August 10, 2016
Quote of the week
Typically, I see or hear things that lead me to think about everything else. This week isn’t like that! This week, the quote pretty much speaks for itself.
We’ve talked before about the importance of being kind to yourself in your practice and in your performance. But this quote takes it another step closer to the origin of the thinking. Here’s the quote:
"Creativity is allowing yourself to make mistakes.
Art is knowing which ones to keep." Scott Adams
You’ll recognize the source – the creator of Dilbert. He usually has an incisive, if cynical, take, but this quote is certainly spot on – it couldn’t be more right!
There is an craft to making art and it stems from your own willingness to make mistakes, and then to pick up those mistakes and lick them, and keep the ones that taste good (you know, the sonic taste) as you keep going in the music.
My early teachers who taught me two important things with respect to this, although it took me a while to appreciate these gems. The first gem was that, no matter what string you land on, you are never more than one string away from a sound you might prefer! The second nugget was that we don’t make mistakes, we make impromptu improvisations.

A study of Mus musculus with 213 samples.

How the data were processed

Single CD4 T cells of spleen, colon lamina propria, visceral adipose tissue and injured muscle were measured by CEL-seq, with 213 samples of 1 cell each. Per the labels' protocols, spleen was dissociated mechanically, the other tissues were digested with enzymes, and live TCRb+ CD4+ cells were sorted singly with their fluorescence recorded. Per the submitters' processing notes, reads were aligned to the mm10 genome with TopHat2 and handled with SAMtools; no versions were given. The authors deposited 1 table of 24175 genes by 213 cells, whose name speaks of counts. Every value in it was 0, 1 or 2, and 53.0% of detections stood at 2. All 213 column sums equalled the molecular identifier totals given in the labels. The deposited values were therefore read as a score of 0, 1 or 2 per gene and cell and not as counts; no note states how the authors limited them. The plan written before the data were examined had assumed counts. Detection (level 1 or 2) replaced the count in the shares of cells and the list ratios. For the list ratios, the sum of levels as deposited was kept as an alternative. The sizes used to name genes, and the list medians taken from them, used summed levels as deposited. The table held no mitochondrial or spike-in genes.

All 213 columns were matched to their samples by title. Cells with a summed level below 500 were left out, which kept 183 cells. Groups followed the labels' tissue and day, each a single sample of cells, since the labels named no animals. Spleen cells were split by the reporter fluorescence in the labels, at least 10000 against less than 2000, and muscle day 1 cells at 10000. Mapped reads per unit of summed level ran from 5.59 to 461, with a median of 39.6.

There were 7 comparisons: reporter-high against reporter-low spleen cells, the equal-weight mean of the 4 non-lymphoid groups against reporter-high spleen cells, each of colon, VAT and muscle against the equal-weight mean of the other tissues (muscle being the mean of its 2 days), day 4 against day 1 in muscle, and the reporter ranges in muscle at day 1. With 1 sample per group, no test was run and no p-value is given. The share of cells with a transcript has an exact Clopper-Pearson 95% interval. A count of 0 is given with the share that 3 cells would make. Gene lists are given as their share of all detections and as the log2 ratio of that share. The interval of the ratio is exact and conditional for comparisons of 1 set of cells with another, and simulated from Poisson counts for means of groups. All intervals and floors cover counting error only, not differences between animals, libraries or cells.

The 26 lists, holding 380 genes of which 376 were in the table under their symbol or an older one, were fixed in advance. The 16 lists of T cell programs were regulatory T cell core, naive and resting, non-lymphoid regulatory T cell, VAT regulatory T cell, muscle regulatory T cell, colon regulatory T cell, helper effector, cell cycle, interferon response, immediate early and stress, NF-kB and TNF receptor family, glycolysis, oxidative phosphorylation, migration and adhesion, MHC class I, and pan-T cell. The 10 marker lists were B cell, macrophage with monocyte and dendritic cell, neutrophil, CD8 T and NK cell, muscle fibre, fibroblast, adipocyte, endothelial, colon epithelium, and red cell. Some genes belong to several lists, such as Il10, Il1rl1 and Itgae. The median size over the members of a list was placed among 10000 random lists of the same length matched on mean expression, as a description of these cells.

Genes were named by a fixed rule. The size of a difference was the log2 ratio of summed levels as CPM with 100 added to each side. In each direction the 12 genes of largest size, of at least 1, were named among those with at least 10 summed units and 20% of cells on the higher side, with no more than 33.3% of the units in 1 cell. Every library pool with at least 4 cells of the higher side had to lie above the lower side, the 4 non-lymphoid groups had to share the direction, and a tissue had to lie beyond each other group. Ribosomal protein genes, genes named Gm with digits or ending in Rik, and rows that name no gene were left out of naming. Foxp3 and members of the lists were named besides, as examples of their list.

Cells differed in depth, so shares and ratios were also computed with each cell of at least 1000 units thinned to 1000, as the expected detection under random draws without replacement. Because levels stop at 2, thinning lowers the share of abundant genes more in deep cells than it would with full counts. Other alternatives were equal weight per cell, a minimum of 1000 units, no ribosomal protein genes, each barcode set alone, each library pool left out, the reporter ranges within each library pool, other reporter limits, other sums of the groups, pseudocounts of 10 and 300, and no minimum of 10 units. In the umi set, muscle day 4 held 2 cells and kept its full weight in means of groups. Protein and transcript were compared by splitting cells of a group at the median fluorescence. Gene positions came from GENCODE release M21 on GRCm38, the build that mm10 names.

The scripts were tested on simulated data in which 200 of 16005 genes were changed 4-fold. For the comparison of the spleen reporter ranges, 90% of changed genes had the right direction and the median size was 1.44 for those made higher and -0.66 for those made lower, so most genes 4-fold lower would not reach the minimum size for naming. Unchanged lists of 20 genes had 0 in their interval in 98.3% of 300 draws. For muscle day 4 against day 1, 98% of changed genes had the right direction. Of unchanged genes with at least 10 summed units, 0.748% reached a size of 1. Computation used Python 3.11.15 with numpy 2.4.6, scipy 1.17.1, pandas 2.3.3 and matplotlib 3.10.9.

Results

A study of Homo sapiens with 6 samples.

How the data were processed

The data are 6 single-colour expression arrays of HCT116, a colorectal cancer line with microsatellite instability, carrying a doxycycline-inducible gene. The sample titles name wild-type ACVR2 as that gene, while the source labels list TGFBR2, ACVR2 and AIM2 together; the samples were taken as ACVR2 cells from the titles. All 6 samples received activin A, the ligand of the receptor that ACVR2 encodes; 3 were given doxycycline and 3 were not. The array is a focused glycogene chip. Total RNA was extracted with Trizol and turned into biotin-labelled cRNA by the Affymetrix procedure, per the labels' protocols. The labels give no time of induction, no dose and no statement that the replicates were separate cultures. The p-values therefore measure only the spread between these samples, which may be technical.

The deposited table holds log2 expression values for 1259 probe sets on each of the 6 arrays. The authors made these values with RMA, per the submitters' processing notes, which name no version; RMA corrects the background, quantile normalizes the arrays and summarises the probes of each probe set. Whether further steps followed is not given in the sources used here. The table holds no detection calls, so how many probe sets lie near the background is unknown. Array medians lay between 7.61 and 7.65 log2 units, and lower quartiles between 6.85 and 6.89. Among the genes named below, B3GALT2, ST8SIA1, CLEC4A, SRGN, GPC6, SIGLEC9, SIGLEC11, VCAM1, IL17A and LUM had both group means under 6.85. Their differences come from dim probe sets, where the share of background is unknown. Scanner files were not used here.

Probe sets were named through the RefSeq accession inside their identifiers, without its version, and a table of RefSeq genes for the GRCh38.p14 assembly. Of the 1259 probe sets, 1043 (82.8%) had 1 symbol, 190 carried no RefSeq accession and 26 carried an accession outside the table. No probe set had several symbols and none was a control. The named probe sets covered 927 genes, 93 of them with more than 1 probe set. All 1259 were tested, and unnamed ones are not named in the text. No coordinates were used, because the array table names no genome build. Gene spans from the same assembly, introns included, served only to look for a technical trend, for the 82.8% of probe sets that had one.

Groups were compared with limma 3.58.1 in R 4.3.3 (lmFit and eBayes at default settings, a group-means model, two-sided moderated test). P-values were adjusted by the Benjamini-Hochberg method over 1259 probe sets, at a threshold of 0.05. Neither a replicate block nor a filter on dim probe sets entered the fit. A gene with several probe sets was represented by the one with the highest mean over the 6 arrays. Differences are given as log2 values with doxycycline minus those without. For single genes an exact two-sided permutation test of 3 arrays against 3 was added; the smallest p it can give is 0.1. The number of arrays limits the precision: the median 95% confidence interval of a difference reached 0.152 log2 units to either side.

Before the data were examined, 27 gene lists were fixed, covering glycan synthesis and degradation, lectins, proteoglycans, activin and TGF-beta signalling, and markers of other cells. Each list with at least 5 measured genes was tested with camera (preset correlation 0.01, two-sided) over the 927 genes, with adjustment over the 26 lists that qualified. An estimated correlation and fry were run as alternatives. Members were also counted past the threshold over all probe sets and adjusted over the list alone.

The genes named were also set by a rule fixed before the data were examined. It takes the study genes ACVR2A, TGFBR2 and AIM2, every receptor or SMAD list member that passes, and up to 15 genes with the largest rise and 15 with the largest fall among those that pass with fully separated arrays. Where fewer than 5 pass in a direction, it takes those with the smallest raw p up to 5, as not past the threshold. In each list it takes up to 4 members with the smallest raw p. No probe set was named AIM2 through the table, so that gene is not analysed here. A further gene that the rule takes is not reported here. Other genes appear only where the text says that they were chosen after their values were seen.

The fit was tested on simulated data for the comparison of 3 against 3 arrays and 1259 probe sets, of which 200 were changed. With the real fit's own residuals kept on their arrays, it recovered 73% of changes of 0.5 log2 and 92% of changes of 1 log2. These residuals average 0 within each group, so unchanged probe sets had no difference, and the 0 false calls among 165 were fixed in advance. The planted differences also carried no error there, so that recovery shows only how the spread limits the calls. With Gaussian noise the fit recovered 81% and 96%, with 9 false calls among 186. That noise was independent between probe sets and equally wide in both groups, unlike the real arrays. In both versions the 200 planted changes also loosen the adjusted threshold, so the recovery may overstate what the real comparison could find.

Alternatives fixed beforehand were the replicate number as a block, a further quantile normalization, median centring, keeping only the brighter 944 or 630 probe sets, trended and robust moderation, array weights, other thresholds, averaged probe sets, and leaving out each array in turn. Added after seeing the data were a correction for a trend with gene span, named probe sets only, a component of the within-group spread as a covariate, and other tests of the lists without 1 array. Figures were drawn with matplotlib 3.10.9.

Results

For a long time, I really didn’t believe them – I thought they were being “nice” because I made so many mistakes. But over (a very long) time I learned that they weren’t just being nice – they were giving me gentle permission to make mistakes and to learn not only which ones to keep but also to learn my processes for selecting them. They were helping me to learn to do my own taste testing so I could select what worked and toss out what just didn’t speak to me. They were showing me that being willing to make “mistakes” was the point. That this was how I would make my art – by transitioning these excursions into elements of my music. That while safe was comfortable, and it might be creative, it certainly wasn’t moving my art.
So, go make some real whoppers, some complete stinkers, some small and some large mistakes…and see what you can make of them!